Mobile Ad Blocking Surge: 1 In 5 Smartphone Users Block Ads On Their Device: Report
New figures demonstrate that one in five global smartphone users are using ad blockers on their devices.
PageFair conducted a report that shows that at least 419 million people are doing something to stop ads from appearing on their handsets. Seeing how there are about 1.9 billion smartphones on the market, the percentage of users who voluntarily block ads reaches 22 percent.
According to PageFair's findings, north of 400 million of ad blocker adopters are using mobile browsers that keep ads away by default. Most of these are in China, where the survey shows that 159 million people are using mobile ad-zapping browsers. Next in line is the growing mobile market of India, where 122 million people make use of ad-banning browsers.
"We found the results surprising because in the West we don't often consider what's going on in developing countries," says Sean Blanchfield, CEO of PageFair.
He adds that mobile ad blocking will reach the Western countries soon enough.
It is interesting to see that the trend is different in Europe and North America. In these markets, only 14 million active users are axing ads. However, some carriers are planning to implement pilot programs to block ads at a network level, with Three UK leading the pack.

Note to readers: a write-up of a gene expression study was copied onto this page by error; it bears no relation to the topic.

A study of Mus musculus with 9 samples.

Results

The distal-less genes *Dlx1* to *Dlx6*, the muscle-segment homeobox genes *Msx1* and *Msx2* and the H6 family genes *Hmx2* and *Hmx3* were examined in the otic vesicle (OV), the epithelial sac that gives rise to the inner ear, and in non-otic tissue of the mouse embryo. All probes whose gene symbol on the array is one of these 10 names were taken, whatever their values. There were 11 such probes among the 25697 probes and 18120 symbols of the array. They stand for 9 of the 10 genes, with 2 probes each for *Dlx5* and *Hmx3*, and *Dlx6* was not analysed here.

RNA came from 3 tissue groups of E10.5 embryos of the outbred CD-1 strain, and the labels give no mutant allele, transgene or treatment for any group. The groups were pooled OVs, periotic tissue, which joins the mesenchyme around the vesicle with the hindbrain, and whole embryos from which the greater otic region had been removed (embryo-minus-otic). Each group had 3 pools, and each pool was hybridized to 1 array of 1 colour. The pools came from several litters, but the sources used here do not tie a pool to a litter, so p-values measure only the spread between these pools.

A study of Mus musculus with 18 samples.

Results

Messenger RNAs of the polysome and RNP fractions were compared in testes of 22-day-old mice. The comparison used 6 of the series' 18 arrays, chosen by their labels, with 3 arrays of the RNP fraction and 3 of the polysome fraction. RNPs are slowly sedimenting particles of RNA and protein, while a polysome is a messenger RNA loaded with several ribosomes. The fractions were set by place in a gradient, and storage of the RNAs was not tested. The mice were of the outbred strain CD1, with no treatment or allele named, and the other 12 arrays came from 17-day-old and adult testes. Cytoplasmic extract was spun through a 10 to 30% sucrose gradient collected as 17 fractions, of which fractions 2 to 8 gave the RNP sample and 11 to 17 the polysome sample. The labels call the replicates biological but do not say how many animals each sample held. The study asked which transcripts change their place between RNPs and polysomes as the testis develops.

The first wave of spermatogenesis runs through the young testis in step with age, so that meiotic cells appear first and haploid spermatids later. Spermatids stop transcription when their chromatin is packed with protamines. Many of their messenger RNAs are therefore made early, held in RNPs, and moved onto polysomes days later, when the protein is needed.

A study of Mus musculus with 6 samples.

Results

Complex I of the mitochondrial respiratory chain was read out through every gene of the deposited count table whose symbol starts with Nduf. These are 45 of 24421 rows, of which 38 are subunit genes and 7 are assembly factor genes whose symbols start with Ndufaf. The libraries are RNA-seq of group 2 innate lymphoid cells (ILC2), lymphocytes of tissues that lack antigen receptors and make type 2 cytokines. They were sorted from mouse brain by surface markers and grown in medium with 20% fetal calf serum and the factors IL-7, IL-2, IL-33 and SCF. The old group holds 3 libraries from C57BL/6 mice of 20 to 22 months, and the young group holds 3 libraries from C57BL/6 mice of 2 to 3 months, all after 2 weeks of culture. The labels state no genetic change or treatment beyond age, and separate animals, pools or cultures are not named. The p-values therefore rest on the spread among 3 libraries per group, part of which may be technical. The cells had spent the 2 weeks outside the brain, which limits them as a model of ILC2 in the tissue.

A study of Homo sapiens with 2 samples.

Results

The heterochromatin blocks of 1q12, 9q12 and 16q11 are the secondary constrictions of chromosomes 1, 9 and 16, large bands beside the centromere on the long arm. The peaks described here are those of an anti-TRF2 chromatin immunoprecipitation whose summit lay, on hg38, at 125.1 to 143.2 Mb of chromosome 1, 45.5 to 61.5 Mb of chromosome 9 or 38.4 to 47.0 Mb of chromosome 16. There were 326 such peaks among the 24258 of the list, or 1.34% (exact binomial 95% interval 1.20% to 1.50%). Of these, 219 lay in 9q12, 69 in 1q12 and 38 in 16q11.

There is a pretty good explanation for the heavier use of the software in emerging markets. It all boils down to minimizing mobile data costs, something that ad-blockers can help users achieve. With the aid of an ad blocker, a user can conserve data, which also translates into websites loading faster.
Not everyone applauds the decline of advertisements reaching their target audience. As some web pages are relying almost exclusively on advertising to keep going, the publishing industry is seriously taking into account subscriptions and paywalls. Big names in the tech industry could do with lesser ads on their pages and still register quarterly profit, but smaller platforms are much more ad-dependent.
Some, however, question the practice of blocking ads by looking at them through the lenses of net neutrality. The so-called net neutrality rules say that all online data (meaning pesky ads) should get identical treatment.
Just as a reminder, browsers with embedded ad-blocking options include but are not limited to Brave and Opera. Other browsers, such as Google Chrome, can easily block ads by adding specific extensions.